Sediment records of highly variable mercury inputs to mountain lakes in Patagonia during the past millennium
1Laboratorio de Análisis por Activación Neutrónica, Comisión Nacional de Energía Atómica, Centro Atómico Bariloche, 8400 Bariloche, Argentina
2Department of Applied Environmental Science, Stockholm University, 10691 Stockholm, Sweden
3Consejo Nacional de Investigaciones Científicas y Técnicas, Rivadavia 1917, Ciudad de Buenos Aires, Argentina
4Instituto Balseiro, Universidad Nacional de Cuyo, 8400 Bariloche, Argentina
Abstract. High Hg levels in the pristine lacustrine ecosystems of the Nahuel Huapi National Park, a protected zone situated in the Andes of Northern Patagonia, Argentina, have initiated further investigations on Hg cycling and source identification. Here we report Hg records in sedimentary sequences aiming at identifying atmospheric sources during the past millennium. In addition to global transport and deposition, a potential atmospheric Hg source to be considered is the local emissions associated with volcanic activity, considering that the Park is situated in the Southern Volcanic Zone. Two sediment cores were extracted from Lake Tonček, a small, high-altitude system reflecting mainly direct inputs associated with atmospheric contributions, and Lake Moreno Oeste, a much larger and deeper lake having an extended watershed covered mostly by native forest.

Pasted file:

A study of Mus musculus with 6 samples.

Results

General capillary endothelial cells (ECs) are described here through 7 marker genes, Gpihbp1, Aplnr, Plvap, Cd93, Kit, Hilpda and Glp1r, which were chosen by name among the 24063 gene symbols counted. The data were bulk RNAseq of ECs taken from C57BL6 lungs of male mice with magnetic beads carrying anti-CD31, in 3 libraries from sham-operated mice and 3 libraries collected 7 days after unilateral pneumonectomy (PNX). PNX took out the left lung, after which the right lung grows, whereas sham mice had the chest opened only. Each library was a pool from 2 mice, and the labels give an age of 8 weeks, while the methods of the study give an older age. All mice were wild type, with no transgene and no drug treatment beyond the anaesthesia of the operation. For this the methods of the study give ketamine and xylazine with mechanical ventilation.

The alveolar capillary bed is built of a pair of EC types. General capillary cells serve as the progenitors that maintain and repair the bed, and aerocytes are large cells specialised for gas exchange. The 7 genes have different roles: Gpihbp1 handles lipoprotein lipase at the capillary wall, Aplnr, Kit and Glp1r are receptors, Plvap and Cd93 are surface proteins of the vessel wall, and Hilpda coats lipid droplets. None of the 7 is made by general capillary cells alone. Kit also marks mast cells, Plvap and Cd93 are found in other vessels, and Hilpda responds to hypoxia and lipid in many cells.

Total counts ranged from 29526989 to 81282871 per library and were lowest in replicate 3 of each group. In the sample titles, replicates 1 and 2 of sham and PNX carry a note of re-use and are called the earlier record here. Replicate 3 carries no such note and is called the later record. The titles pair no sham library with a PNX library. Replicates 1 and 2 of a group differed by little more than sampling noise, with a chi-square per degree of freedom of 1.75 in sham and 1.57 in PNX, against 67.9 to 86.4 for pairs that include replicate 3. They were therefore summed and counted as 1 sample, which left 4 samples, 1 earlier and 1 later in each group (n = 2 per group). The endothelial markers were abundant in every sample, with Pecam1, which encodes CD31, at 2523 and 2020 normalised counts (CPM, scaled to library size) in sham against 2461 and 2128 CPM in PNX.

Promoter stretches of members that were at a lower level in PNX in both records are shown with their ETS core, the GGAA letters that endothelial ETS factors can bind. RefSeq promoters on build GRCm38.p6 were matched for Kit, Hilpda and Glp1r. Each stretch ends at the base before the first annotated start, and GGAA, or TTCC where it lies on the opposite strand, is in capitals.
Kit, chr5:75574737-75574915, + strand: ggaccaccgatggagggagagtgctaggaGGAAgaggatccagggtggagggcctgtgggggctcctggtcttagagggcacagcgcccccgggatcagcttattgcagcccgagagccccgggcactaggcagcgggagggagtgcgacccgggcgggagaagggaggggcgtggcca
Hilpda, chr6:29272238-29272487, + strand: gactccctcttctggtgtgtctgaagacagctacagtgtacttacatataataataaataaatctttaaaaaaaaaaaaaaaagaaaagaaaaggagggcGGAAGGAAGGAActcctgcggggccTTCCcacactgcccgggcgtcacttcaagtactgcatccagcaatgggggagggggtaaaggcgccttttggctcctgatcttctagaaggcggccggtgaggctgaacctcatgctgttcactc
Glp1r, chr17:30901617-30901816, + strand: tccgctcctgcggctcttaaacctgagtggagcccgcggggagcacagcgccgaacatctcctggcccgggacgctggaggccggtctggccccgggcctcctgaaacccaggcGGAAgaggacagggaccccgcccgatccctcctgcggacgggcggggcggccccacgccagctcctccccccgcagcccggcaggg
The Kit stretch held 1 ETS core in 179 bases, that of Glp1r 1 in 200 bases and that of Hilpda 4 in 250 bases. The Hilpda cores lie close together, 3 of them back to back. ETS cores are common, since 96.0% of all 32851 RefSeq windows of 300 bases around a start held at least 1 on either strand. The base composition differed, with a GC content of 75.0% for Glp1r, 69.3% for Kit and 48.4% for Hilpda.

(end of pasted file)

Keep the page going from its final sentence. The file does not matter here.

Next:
The sedimentary sequences were dated based on both 210Pb and 137Cs profiles. In addition, tephra layers were identified and geochemically characterized for chronological application and to investigate any association of volcanic eruptions with Hg records. Hg concentrations in sediments were measured along with 32 other elements, as well as organic matter, fossil chironomids, and biogenic silica. Observed background Hg concentrations, determined from the sequence domains with lower values, ranged from 50 to 100 ng g−1 DW (dry weight), whereas the surficial layers reached 200 to 500 ng g−1 DW. In addition to this traditional pattern, however, two deep domains in both sequences showed dramatically increased Hg levels reaching 400 to 650 ng g−1 DW; the upper dated to the 18th to 19th centuries, and the lower around the 13th century. These concentrations are not only elevated in the present profiles but also many-fold above the background values determined in other fresh water sediments, as were also the Hg fluxes, reaching 120 to 150 μg m−2 y−1 in Lake Tonček. No correlation was observed between Hg concentrations and the contents of organic matter, fossil chironomids, biogenic silica, or the other elements determined. However, a distinct increase of Hg concentrations was observed immediately above some tephra layers, suggesting a link to volcanic events. Extended fires is another potential atmospheric source to be considered because the earlier Hg peaks coincide with reported charcoal peaks, whereas the upper Hg peaks coincide with evidences of extended forest fires from tree-ring data and historical records.